Happy almost Halloween! I’m just back from watching the world’s cutest pirate parade around his daycare, and I know the entire TVP Comms team is counting the minutes until the end of the work day and the beginning of Halloween weekend. Before you head out to trick and/or treat, grab two handfuls of candy corn (that one’s for new mom Ali Lincoln) and check out this week’s higher education news.
What’s new this week:
Our team is in awe of the prolific, fantastic Anthony Gaughan. The Drake University professor is The Conversation’s newest columnist and this week shared his thoughts on Paul Ryan’s elevation to speaker of the House of Representatives, a piece that was also picked up by Fortune, and Jeb Bush’s do-or-die debate performance, which also ran on The Huffington Post. He also wrote for US News & World Report this week about our country’s messy, dysfunctional campaign finance system.
This week, the GED Testing Service launched their newest initiative, GEDWorks, which was noted by Inside Higher Ed and The Washington Post. This employer-sponsored program will offer employees the opportunity to prepare for and take the GED test at no cost, increasing the number of adults with a high school equivalency credential.
What we’ve been talking about:
Four years ago, Teresa Valerio Parrot launched TVP Comms and this week, she shared her secrets to success.
And in his first official blog post, Bobby Mathews wrote about his decision to join TVP Comms and how he’s adjusting so far.
Don’t forget to check out the latest on Inside Higher Ed’s Call to Action blog—Michael Stoner offers ideas for adapting content marketing to the higher education space.
What we’ve been reading:
Kristine Maloney
As an English major, I just couldn’t resist this headline: “Ted Cruz as Beowulf: Matching Candidates with the Books They Sound Like.” The piece, and accompanying graphic, is an analysis of candidates’ speaking styles, including the complexity and tone (positive/negative) of their speech, matched to similar complexity and tone in literature. Perhaps not surprisingly, at one extreme is Trump, who has the simplest and most positive speech (The Legends of King Arthur), and on the other is Sanders, with the most complex and dire speech (Journey to the Center of the Earth). While the graphic is kind of fun, there’s also a lot of serious information about the ways in which candidates are communicating to us and the impact their methods and language have on voters.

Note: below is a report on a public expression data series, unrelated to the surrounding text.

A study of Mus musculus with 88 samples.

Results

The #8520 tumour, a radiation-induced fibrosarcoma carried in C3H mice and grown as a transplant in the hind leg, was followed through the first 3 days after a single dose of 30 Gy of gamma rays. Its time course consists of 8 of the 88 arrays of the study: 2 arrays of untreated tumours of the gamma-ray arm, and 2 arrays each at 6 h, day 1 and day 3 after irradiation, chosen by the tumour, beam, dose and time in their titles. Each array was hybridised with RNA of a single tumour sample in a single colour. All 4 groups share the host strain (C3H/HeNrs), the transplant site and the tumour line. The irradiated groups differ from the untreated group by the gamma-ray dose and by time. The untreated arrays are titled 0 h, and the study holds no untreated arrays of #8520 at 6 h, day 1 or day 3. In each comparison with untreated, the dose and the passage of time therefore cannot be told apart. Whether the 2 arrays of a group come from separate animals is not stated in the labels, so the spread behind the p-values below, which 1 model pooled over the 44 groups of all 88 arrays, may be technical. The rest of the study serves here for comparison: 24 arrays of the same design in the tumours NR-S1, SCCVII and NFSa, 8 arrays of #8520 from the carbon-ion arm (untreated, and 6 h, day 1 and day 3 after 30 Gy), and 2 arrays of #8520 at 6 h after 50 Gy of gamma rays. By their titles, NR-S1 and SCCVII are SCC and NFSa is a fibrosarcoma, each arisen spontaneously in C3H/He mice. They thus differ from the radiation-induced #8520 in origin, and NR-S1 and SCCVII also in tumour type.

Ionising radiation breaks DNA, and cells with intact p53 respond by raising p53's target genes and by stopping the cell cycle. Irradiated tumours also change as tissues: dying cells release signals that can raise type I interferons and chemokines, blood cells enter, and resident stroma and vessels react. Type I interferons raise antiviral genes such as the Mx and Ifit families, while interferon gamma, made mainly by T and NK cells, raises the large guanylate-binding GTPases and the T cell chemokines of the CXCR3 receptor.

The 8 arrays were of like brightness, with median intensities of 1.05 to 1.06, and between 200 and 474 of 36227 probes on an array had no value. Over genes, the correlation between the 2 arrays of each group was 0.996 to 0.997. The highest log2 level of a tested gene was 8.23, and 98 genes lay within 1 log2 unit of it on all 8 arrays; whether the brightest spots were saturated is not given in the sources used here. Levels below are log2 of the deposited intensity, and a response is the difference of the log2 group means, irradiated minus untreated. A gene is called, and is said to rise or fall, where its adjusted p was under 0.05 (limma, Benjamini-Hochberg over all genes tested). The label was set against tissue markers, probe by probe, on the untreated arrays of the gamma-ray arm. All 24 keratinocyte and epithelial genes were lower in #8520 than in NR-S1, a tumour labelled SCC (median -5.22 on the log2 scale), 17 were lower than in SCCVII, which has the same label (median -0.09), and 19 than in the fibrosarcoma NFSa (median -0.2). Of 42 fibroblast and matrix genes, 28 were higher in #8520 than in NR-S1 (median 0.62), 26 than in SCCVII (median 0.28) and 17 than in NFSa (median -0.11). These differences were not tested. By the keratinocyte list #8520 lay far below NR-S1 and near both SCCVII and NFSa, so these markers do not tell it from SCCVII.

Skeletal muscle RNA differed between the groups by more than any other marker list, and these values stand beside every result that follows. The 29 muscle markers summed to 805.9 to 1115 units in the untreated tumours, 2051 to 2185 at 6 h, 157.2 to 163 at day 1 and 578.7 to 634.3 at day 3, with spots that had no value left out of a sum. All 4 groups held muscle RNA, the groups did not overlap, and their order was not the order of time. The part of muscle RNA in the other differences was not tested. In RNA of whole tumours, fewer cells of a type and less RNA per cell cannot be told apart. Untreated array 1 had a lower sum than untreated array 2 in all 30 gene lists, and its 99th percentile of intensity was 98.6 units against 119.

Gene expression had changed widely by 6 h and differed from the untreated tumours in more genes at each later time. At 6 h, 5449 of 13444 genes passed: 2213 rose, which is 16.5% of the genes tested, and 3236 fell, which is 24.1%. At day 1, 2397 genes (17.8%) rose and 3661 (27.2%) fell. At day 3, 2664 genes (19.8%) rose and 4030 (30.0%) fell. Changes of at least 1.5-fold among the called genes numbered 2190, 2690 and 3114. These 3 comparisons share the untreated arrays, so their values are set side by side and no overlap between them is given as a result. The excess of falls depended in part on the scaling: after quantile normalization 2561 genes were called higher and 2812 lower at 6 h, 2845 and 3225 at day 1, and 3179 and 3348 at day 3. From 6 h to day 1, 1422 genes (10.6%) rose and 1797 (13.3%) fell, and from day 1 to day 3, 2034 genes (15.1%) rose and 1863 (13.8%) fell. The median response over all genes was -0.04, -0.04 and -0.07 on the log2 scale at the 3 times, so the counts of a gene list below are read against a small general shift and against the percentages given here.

Bobby Mathews
When the director of the FBI says the Black Lives Matter movement drives violent crime higher and makes cops more timid, he ought to have some data to back that assertion up. But he doesn’t. As Ta-Nehisi Coates writes, we expect law enforcement to act on evidence. And there’s no evidence that 1) violent crime is increasing; or 2) that such an increase—even if it did exist—is evidence of a trend.
Kyle Gunnels
My mom shared this with me the other day, and it’s one of the most fascinating things I’ve read/watched in a while. I’m convinced that New York City has more hidden amazing things, especially historically, than any other city in the U.S. Which is why this story about Dead Horse Bay was so intriguing to me. I lived not too far from this national park that is literally covered in history. This feature looks at the items strewn along and buried beneath the shoreline that detail a period of New York and our country’s history, and touches on the debate about what to do with the massive amounts of garbage (or art, or artifacts depending how you look at it) at Dead Horse Bay.
Erin Hennessy
The New York City Marathon will be held on Sunday, so this piece about the history of marathons—including why they are 26.2 miles—and the contributions New York and New Yorkers have made to the sport is worth a read as we head into the weekend.
Teresa Valerio Parrot
As a parent of an only child and because I work in higher education, I was intrigued by the Chinese government’s decision to end its one-child policy. As it stands, so many institutions are clamoring to enroll full-pay Chinese students and I anticipate that trend will continue. I am predicting an uptick in the number of NACAC presentations on legitimately recruiting Chinese students and increased (and often unnecessary) apprehension from American parents regarding their child’s ability to compete for admission against Chinese students. As importantly, I look forward to reading about how China is increasing its own capacity to educate its students domestically. Policies have intended and unintended consequences and this one should be interesting.